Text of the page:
Can you really discuss drama if you’re at the center of the drama?
We regret to inform you that Jake and Logan Paul are teaming up once again — this time, they’re skipping their usual impossibly loud antics to sit down and unpack YouTube drama in a shared tea channel called Jake ‘n Logan.
Their first video predictably opens with the brothers squawking at the camera.
“Since we’re brothers and we think alike, and we’re the exact opposite, we’d get together once a week to talk about whatever,” Logan said, turning to a cross-eyed Jake.
“This channel is going to be us talking about stuff on the internet,” Jake continued.
Over the course of the video, the brothers wrestled, tried to guess each other’s favorite food, and discussed Jake’s recent “feud” with fellow YouTuber Cody Ko. His attempt at canceling Ko for being a “cyberbully” backfired, but Jake took it in stride.
“He talks shit, belittling people, and I don’t like that,” Jake said in the video, acknowledging his own controversial past. “Just because someone has gone to jail, when they get out of jail, are they not able to be a good person?”
Although it’s notable that the brothers are getting along — partnering up, even! — instead of dropping diss tracks and sleeping with each other’s girlfriends, their channel shows how influential (and lucrative) tea channels have become.
YouTube is the new reality TV, and tea channels are the modern celebrity magazines. While vloggers continue to create content, involving themselves in drama tends to be the most sure way to maintain an audience.
If you’ve managed to shelter yourself from the hell that is Beautube, you probably aren’t familiar with tea channels. YouTubers may not enjoy the drama, but no marketing campaign can generate the same amount of discussion as sweet, sweet gossip, which is where tea accounts come into play. Tea accounts — based on the phrase “spill the tea” — are the lifeblood of internet culture. Through lengthy videos, tea accounts meticulously gather screenshots, lay out timelines, and break down YouTube feuds so even the most offline followers can keep up. According to SocialBlade, the channel Tea Spill pulls in anywhere from $57,600 – $921,600 per year. The channel Shook has the potential to make $19,300 to $309,200 per year. Even smaller channels, like What’s the Tea, are estimated to bring in up to $31,000 annually.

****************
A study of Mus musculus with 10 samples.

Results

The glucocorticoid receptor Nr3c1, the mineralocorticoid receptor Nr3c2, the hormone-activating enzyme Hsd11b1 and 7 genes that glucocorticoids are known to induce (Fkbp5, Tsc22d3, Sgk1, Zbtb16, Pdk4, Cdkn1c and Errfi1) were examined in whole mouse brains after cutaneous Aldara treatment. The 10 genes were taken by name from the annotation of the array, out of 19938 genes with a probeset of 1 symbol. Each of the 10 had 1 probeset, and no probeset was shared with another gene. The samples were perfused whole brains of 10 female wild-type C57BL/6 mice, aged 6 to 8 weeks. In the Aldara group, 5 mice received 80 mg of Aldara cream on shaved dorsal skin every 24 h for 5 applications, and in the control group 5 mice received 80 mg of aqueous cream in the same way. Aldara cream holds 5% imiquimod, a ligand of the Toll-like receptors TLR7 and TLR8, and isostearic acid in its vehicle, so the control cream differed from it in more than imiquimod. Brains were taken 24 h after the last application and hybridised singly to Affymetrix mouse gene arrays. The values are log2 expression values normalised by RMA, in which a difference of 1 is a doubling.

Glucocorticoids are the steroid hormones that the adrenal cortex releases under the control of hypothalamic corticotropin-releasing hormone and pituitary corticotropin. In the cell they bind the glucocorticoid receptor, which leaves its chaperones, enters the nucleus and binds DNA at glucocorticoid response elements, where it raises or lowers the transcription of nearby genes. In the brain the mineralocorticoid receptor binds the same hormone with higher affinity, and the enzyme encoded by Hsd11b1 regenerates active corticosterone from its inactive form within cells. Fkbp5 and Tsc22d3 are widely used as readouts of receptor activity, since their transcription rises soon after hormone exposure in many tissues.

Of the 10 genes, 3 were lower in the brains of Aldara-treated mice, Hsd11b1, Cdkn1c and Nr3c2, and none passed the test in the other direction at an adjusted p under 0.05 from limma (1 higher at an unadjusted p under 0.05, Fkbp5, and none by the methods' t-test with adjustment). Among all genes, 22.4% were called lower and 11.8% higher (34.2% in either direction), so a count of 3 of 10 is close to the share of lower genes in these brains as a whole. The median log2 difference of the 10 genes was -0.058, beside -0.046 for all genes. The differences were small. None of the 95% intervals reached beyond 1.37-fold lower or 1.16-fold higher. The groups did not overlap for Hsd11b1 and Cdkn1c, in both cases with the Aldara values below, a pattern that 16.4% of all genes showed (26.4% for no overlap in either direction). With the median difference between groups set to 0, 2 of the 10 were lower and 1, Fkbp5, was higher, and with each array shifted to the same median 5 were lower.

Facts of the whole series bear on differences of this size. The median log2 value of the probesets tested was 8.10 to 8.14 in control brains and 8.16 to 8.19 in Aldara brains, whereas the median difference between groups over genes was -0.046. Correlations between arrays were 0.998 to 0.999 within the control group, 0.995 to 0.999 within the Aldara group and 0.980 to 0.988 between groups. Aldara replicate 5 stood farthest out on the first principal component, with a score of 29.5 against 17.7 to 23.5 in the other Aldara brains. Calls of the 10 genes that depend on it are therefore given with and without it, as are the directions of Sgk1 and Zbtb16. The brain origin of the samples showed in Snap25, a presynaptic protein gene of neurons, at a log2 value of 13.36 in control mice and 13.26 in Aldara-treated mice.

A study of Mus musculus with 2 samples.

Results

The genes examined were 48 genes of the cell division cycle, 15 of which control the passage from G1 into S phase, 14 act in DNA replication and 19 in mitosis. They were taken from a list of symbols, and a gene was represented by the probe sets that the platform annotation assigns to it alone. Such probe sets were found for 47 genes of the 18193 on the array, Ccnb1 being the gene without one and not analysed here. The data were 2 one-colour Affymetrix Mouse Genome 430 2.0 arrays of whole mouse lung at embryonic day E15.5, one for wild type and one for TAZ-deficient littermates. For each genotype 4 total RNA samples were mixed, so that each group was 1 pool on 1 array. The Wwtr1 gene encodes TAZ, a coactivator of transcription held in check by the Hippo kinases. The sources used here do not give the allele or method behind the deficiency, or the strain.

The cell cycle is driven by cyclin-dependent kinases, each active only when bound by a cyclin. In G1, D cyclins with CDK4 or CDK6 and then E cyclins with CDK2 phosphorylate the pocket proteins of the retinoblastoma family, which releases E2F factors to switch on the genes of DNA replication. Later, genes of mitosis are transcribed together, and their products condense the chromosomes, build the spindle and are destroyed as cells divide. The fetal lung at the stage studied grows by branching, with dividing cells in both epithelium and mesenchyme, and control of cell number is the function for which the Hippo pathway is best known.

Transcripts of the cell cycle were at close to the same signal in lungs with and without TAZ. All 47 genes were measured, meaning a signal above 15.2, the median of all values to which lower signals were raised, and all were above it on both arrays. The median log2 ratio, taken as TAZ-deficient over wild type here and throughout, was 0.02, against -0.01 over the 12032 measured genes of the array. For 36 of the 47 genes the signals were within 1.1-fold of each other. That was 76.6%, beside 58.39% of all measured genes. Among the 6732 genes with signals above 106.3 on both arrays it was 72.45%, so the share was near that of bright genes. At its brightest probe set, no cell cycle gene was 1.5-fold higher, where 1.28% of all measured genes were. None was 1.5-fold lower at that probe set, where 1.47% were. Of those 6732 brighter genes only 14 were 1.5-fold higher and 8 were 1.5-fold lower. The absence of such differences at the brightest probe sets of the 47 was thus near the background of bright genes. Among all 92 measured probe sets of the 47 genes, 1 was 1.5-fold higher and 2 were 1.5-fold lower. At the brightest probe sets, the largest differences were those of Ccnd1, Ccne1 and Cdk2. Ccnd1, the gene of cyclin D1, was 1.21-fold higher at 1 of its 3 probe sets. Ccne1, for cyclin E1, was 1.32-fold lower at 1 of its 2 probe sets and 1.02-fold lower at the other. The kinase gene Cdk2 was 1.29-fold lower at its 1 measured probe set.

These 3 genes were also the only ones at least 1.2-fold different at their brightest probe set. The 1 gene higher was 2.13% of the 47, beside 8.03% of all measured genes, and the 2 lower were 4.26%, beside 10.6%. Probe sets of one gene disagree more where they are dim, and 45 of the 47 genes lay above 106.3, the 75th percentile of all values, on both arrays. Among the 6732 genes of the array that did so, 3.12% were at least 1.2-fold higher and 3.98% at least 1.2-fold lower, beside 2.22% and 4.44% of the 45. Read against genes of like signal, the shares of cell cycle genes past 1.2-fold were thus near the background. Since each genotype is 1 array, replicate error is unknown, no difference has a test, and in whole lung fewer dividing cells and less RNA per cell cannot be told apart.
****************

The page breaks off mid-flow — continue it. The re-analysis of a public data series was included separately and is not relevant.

Modern tea accounts are not only keepers of the gossip tome, but they investigate, too. YouTubers will directly DM more influential accounts to set the record straight, often stirring the pot even more. Like the Atlantic points out, tea accounts and influencers have a symbiotic relationship that parallels Donald Trump’s relationship with Fox News. By manufacturing drama, whether positive or not, you ensure that you’re always at the forefront of the conversation. Tea accounts are the watchdogs of YouTube.
Which is what makes the Pauls’ shared channel so confusing — what is it for? Like many other YouTubers, Logan also has a vlog channel separate from his main account to upload curated daily snippets of his heavily manufactured life. Jake ‘n Logan isn’t quite a vlog, but it isn’t quite a traditional tea channel. They aren’t gathering receipts and establishing a definitive sequence of subtweets. If anything, the channel is a weekly talk show for them to defend their part in the most recent drama cycle.
As insufferable as Jake and Logan can be, further monetizing their drama is unfortunately brilliant. They don’t need to be objective receipt-gatherers on their tea channel because they’re going to get the views anyway.